Mozambique anti-jihadist forces involved in rights abuses - HRW
The group said that witness statements gathered since August proved police had carried out dozens of executions.
MAPUTO - Security forces in Mozambique waging the fight against jihadists in the country's north are guilty of "serious abuses" of human rights including summary executions, Human Rights Watch said on Tuesday.
The group said that witness statements gathered since August proved police had carried out dozens of executions and arbitrarily detained people suspected of participating in the insurgency that has claimed dozens of lives.
"The Mozambican authorities should take immediate action to end abuses by their security forces and punish those responsible," said Dewa Mavhinga, Southern Africa director at Human Rights Watch.
Jihadist fighters have terrorised remote communities in the gas-rich and Muslim-majority Cabo Delgado region for more than a year, staging brazen gun and knife attacks on civilians.
Officials refuse to publish a death toll but according to local and media estimates, more than a hundred civilians have been killed in the clashes and thousands have fled the area.
Twelve people are understood to have died just over a week ago in an attack blamed on jihadists that targeted a village close to the Tanzanian border.
Analysts say the nascent insurgency staged its first attack in October 2017 hitting a police station and military outpost in the northern town of Mocimboa da Praia, killing two officers.
Originally known as Ahlu Sunnah Wa-Jama - Arabic for "followers of the prophet" - the group is commonly referred to by locals and officials as "Al-Shabaab," although it has no known link to the Somali jihadist group of the same name.
President Filipe Nyusi has deployed heavy reinforcements to the region and vowed to eradicate the extremist group.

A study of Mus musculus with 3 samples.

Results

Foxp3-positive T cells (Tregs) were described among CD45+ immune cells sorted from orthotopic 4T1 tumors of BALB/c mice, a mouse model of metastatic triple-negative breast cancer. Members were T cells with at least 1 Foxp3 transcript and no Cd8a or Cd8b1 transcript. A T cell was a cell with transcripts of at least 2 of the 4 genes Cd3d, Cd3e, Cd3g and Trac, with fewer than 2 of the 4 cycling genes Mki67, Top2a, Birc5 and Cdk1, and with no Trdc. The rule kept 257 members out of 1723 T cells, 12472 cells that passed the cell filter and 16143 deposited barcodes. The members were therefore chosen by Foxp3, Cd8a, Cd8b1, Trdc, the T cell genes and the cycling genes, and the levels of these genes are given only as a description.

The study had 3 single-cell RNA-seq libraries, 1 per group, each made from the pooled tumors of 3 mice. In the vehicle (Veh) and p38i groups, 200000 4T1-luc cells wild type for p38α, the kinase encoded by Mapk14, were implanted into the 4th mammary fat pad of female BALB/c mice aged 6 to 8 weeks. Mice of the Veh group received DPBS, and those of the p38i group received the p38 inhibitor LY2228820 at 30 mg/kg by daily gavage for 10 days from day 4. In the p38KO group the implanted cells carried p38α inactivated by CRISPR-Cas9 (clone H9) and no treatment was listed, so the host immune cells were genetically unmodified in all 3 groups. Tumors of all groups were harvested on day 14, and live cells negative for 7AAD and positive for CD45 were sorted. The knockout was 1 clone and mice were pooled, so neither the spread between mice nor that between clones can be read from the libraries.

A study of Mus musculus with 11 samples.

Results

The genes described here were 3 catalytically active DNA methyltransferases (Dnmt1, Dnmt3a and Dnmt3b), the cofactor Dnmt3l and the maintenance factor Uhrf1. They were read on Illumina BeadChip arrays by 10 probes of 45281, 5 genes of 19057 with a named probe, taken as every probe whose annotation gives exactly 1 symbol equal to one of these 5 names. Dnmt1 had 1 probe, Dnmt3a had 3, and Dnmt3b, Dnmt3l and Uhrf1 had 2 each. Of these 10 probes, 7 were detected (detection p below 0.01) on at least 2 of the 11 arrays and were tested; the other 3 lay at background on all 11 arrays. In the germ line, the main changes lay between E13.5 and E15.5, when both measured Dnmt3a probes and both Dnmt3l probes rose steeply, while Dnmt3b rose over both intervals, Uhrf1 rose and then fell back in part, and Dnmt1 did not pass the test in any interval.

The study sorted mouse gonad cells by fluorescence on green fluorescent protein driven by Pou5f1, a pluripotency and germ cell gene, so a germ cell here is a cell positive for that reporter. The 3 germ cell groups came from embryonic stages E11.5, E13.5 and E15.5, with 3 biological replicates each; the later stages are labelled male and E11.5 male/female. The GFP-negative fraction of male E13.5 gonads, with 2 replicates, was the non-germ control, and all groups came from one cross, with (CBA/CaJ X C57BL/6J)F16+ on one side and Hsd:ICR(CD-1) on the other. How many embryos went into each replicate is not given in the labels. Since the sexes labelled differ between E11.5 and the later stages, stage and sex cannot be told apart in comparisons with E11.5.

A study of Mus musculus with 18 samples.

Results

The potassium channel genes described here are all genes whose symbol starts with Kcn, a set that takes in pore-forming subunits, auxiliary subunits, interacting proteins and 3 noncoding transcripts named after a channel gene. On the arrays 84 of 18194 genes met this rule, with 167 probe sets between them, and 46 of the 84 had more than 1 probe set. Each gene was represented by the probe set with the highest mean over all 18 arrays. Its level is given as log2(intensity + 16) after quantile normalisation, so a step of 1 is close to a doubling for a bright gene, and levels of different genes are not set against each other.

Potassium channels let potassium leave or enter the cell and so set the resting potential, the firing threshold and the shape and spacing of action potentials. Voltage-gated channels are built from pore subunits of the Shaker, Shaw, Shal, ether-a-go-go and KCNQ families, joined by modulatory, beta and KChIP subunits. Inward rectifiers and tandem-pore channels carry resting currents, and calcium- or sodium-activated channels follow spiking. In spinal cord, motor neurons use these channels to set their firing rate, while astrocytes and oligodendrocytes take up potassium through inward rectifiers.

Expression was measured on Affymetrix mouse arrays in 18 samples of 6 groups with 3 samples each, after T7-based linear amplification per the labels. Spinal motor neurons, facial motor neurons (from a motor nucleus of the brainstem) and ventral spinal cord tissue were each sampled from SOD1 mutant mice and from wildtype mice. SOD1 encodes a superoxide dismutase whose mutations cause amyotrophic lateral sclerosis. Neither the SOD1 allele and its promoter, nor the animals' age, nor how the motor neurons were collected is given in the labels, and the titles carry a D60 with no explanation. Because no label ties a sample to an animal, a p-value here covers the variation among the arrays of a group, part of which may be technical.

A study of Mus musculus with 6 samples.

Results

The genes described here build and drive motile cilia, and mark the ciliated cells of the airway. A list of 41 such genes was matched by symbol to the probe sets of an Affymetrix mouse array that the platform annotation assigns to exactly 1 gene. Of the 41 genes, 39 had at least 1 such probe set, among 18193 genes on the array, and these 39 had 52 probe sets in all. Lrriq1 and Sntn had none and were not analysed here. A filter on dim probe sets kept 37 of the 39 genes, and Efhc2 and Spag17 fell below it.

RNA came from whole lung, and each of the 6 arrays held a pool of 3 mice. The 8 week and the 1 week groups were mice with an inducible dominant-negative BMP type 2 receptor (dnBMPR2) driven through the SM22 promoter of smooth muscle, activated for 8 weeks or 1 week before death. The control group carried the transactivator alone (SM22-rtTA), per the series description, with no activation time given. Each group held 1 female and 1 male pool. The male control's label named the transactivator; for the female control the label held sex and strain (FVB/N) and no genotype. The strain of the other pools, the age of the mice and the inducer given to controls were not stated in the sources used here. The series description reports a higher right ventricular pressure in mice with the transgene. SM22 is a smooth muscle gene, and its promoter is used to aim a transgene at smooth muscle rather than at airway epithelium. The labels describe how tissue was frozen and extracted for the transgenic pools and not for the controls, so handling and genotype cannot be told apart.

"Abuses by insurgents never justify violating people's rights, and the security forces should be protecting the people in Cabo Delgado, not abusing them," added Mavhinga.
One suspect was rounded up with several other men in the regional town of Palma on August 18, two days after a suspected insurgent attack on a security forces base.
"There were many others there," said one of the men, a 23-year-old farmer.
"We were all told to remove our shirts and sit on the floor. The soldiers would come and take us one by one to the forest, and then we would hear gunshots followed by screaming. Some of them did not come back."
Two soldiers confirmed to HRW that troops had killed suspects but declined to give details.
National police spokesman Inacio Dina told HRW that "any person found to be engaging in suspicious activities in the regions attacked by armed groups is handed over to the police".
"I can make no more comments as I didn't read the report, but I assure you we follow the law," he later told AFP.
Legal proceedings began against 189 suspected jihadists at a jail in Pemba at the beginning of October.
Seventy subsequently absconded after being released on bail, said regional court spokesman Zacarias Napatima.